The Americans have come to Bilderberg in force this year. Secretary of State Mike Pompeo arrived on Saturday afternoon in a motorcade so long it stretched halfway back to Geneva. He’ll be sharing his thoughts on “A New Strategic Order” with the head of NATO, two prime ministers, the German foreign minister, the King of Holland, and any number of finance bosses and billionaires, many of them from the world of tech.
A slew of Silicon Valley luminaries are attending this year’s elite transatlantic conference at a heavily-guarded five-star hotel on the shores of Lake Geneva. They include Microsoft CEO Satya Nadella, who is making his first appearance at the secretive summit, and his fellow Microsoft board member, Reid Hoffman, who’s a regular face at the Bilderberg buffet.
The White House is making itself felt at this year’s conference, by sending along not only Pompeo, but Trump’s dealmaking diplomat son-in-law, Jared Kushner, and two members of his National Security Council. Not to be outdone, the Pentagon has sent two senior officials: their top military strategist and the technical director for AI.
This blurring of tech and war takes physical form in some of the participants at Bilderberg. Longtime conference insider and former Google CEO Eric Schmidt chairs the Pentagon’s Defense Innovation Board and also heads up the new National Security Commission on Artificial Intelligence. Two other members of the Defense Innovation Board are here in Montreux: Reid Hoffman, and the psychologist Adam M. Grant.
Alongside Schmidt on the Bilderberg steering committee are yet another two tech billionaires, Alex Karp and Peter Thiel. Karp is the CEO of Palantir, a shady data-analytics company which has just won a massive $800 million Pentagon battlefield intelligence contract. Palantir was set up in 2004 by Peter Thiel with backing from the CIA. Thiel, who was a co-founder of PayPal, is a director of Facebook and is high tech’s most vocal supporter of Donald Trump.
Truly it boggles the mind what Donald Trump would think about his poor innocent son-in-law wandering into the murky world of Bilderberg, with its prime ministers and billionaire investors strategizing behind closed doors with Pentagon officials and NATO chiefs, all under the watchful eye of Goldman Sachs International.
And not just Goldman Sachs. In Montreux, as ever, there’s a healthy number of high-finance bosses, including the chairmen of HSBC, Deutsche Bank and Santander and the CEOs of AXA and Credit Suisse. But as the movement in Bilderberg towards AI and tech continues, you can see within the group a fault line opening up between Wall Street and Silicon Valley.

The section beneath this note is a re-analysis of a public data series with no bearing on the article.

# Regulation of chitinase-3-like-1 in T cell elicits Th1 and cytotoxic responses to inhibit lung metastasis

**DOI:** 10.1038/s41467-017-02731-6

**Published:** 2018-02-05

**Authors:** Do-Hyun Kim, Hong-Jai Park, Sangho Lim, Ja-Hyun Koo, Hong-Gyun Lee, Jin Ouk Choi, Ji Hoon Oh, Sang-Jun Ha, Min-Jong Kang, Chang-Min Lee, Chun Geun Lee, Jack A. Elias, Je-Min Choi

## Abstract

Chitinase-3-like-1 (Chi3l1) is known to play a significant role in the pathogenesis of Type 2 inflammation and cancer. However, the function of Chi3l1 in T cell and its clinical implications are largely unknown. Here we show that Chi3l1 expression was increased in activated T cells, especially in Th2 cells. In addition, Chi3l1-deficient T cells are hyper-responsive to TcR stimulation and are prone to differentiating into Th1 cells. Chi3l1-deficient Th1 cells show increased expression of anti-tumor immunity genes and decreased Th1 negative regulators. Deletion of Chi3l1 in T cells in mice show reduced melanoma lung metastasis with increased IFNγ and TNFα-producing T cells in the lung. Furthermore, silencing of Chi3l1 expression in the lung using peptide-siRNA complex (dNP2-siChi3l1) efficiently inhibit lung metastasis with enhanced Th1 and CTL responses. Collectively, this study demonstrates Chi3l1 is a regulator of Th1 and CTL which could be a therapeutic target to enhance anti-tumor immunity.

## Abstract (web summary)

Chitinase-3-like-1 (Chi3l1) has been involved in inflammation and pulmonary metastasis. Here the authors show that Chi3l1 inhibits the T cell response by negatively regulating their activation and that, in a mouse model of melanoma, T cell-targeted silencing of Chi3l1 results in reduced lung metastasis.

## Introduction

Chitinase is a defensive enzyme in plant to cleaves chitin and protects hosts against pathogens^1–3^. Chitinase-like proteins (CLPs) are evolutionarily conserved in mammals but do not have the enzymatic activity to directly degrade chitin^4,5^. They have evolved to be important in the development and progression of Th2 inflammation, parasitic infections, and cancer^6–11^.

A crisis is looming for Bilderberg, and not merely because of the rise in anti-globalization movements and a creeping loss of faith in the EU project. It’s a crisis of leadership. With the Brexit, Frexit, Grexit and even Polexit dominoes threatening to fall, Bilderberg needs to gird its loins for the long haul if it wants the transatlantic alliance to thrive and its beloved EU to survive. But who’s going to be doing the girding?
The problem Bilderberg faces is a loss of quality, of intellectual backbone. With David Rockefeller tucked away since 2017 in his cryogenic pod, and Henry Kissinger knocking on hell’s door, you realize that Bilderberg is facing a generational crisis. You might not like or admire Henry Kissinger, you might want him strung up for war crimes, but you have to admit he’s a heavyweight statesman and historian. He’s a psychopath with vision. Where will Bilderberg find the serious ideologues to lead them into the 2020s?
Should they look to the academics? The globalists have their pet professors, like Niall Ferguson, now an American citizen, who once described himself as ”a fully paid-up member of the neo-imperialist gang”. But he doesn’t have anything like the gravitas to get anywhere near the helm.
If you look around the current conference for people with enough substance — enough ideological meat on their bones to drive Bilderberg forward, you won’t find it in finance, and you certainly won’t find it in politics, because for the last few decades the really smart people have gone into engineering and tech. And that, surely, is where the center of gravity within Bilderberg will end up.
The two figures at Bilderberg who seem to have an aura of influence about them are Schmidt and Thiel. Over the years, Schmidt has been gently aligning himself as the heir to Kissinger, and has populated recent conferences with Google executives. The Libertarian Thiel has already engineered his lieutenant, Alex Karp, onto the steering committee.
Whichever one of them manages to grab the most sway, the shift in influence toward Silicon Valley will inevitably go along with an even further slide of power toward the U.S. and away from Europe. Tech is a force greater even than Kissinger, a radical reconstructive force that nothing in Bilderberg can withstand. And so the future of the group, which was begun by Europeans, will end up firmly in the hands of the Americans.
Charlie Skelton is a U.K.-based writer and journalist.
The views expressed in this article are the author’s own.